By: Friedrich Seiltgen
Copyright © 2021
The Battle of The Bulge was a German offensive on the western front during World War II.
The Germans launched their attack on December 16, through the densely forested Ardennes region of Belgium and Luxembourg. The objective was to retake the port of Antwerp, Belgium. The Germans lost the port during the Normandy invasion, and it was a supply line for Allied forces.
The overall objective for the Germans was to split the Allied lines, encircle and destroy the four allied forces to negotiate a peace treaty for the Axis powers. It was Hitler’s last chance to keep Germany in control of Europe.
The Siege of Bastogne – December 20-27, 1944
Because of the roads going through it, the city of Bastogne was of strategic importance to both sides, and Hitler needed the city under German control.
The Siege of Bastogne would witness some of the heaviest fighting of the Ardennes Campaign. The 101st airborne arrived in Bastogne on December 18,th and two days later, the Germans launched a surprise attack, surrounding the town.
On December 20, the Germans commenced with heavy artillery shelling and called in bombers. The odds were against the “Screaming Eagles.” The 101st had 12,000 troops, and the Germans, 54,000.
On the 21,st all roads to Bastogne were controlled by the Germans, and the 101st was completely surrounded. On the 22nd of December, the German commander Lt. General Heinrich Freiherr von Luttwitz sent two messengers into the town under a flag of truce to deliver a message. The message was: surrender or shelling will begin, and you will be responsible for the civilian casualties. The 101st was given two hours to decide. The 101st Commander Brigadier General Anthony McAuliffe famously responded to the offer with, “Nuts!”
The fighting was fierce, and both sides suffered enormous casualties. By the end of December 27, the 101st had successfully defended the city as the weather started to clear, and they received resupply by air. On December 27th, Patton’s 3rd Army arrived to reinforce the Allies.
The Battle of St. Vith – December 16-21, 1944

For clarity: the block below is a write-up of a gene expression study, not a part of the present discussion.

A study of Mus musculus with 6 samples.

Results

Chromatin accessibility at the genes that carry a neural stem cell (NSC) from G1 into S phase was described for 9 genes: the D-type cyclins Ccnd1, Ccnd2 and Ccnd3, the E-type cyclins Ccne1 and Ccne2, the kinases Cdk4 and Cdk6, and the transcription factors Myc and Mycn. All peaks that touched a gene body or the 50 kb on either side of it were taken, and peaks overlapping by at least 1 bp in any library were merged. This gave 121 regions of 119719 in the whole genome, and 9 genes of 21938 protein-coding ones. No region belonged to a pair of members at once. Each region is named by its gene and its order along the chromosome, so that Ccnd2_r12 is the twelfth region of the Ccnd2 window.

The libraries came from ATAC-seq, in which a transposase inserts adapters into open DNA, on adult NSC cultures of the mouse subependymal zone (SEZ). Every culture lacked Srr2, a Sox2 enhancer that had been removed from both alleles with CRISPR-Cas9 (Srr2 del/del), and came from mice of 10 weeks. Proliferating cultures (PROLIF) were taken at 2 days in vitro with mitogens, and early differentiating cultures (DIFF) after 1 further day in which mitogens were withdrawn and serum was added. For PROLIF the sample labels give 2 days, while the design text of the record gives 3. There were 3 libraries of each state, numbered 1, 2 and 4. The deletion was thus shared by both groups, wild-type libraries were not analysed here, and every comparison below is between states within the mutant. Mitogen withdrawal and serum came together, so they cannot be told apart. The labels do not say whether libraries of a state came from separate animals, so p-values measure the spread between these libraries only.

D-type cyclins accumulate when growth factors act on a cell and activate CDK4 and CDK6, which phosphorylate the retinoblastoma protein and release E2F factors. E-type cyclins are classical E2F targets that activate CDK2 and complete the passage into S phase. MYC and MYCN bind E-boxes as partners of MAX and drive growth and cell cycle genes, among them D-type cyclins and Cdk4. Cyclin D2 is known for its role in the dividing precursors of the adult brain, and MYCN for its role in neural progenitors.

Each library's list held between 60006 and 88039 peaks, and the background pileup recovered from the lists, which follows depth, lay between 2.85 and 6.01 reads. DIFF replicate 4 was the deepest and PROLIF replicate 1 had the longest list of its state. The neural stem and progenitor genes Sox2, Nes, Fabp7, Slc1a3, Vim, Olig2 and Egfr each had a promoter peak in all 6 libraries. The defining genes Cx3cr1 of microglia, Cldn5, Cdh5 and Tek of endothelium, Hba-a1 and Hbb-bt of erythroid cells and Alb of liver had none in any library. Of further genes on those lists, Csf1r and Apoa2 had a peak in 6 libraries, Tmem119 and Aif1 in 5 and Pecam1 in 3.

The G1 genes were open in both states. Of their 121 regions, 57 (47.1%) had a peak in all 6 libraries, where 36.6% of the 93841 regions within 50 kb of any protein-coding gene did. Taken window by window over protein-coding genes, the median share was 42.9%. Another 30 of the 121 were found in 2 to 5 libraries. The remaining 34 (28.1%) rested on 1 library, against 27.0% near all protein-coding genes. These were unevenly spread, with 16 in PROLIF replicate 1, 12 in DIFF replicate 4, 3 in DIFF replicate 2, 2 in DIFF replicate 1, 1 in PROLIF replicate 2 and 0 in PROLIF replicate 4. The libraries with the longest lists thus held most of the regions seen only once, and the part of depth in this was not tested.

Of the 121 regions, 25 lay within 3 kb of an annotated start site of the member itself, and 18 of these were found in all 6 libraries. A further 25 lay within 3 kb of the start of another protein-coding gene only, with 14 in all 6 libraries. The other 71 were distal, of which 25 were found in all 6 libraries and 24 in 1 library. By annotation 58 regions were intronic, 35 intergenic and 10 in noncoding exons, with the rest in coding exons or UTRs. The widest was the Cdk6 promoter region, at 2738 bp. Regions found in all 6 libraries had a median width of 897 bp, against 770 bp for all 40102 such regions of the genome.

While the 101st was sent to Bastogne, the 82ndairborne was directed to hold St. Vith, Belgium. For those of you who never heard the most famous story of the 82nd, here it is!
On December 23, 1944, a tank destroyer with the 7th armored division was on the road from Salmchatateau near Fraiture, and the destroyer commander saw a lone 82nd trooper digging a foxhole. The commander asked the troop if this was the new frontline. The trooper, named Vernon Haught, a mere private, looked up at the commander and said, “Are you looking for a safe place?” to which the commander answered “Yeah.” The private then said, “Well, buddy, just pull your tank in behind me. I’m the 82nd Airborne, and this is as far as the bastards are going!” The picture of PFC Haught hangs throughout the 82nd Airborne’s home at Ft. Bragg, North Carolina.
The Bulge would be Germany’s last major offensive. The large number of casualties were never replenished, and the Allies were on the offensive til the end of WWII.
The Battle of the Bulge was the largest single campaign fought by the Americans in WWII. It was also its bloodiest, with 47,000 wounded, 23,000 missing, and 19,000 killed. It also produced 20 Medal of Honor winners. As you sit in the warmth of your home this winter, think of the soldiers fighting in the freezing cold and miserable conditions who fought this battle for your freedom.
That’s all for now folks! Please keep sending in your questions, tips, and article ideas. And as always – “Let’s be careful out there.”
Friedrich Seiltgen is a retired Master Police Officer with 20 years of service with the Orlando Police Department. He conducts training in Lone Wolf Terrorism, Firearms, First Aid, Active Shooter Response, and Law Enforcement Vehicle Operations in Florida. His writing has appeared in RECOIL, The Counter Terrorist Magazine, American Thinker, Homeland Security Today, and The Journal of Counterterrorism & Homeland Security International. Contact him at firstname.lastname@example.org.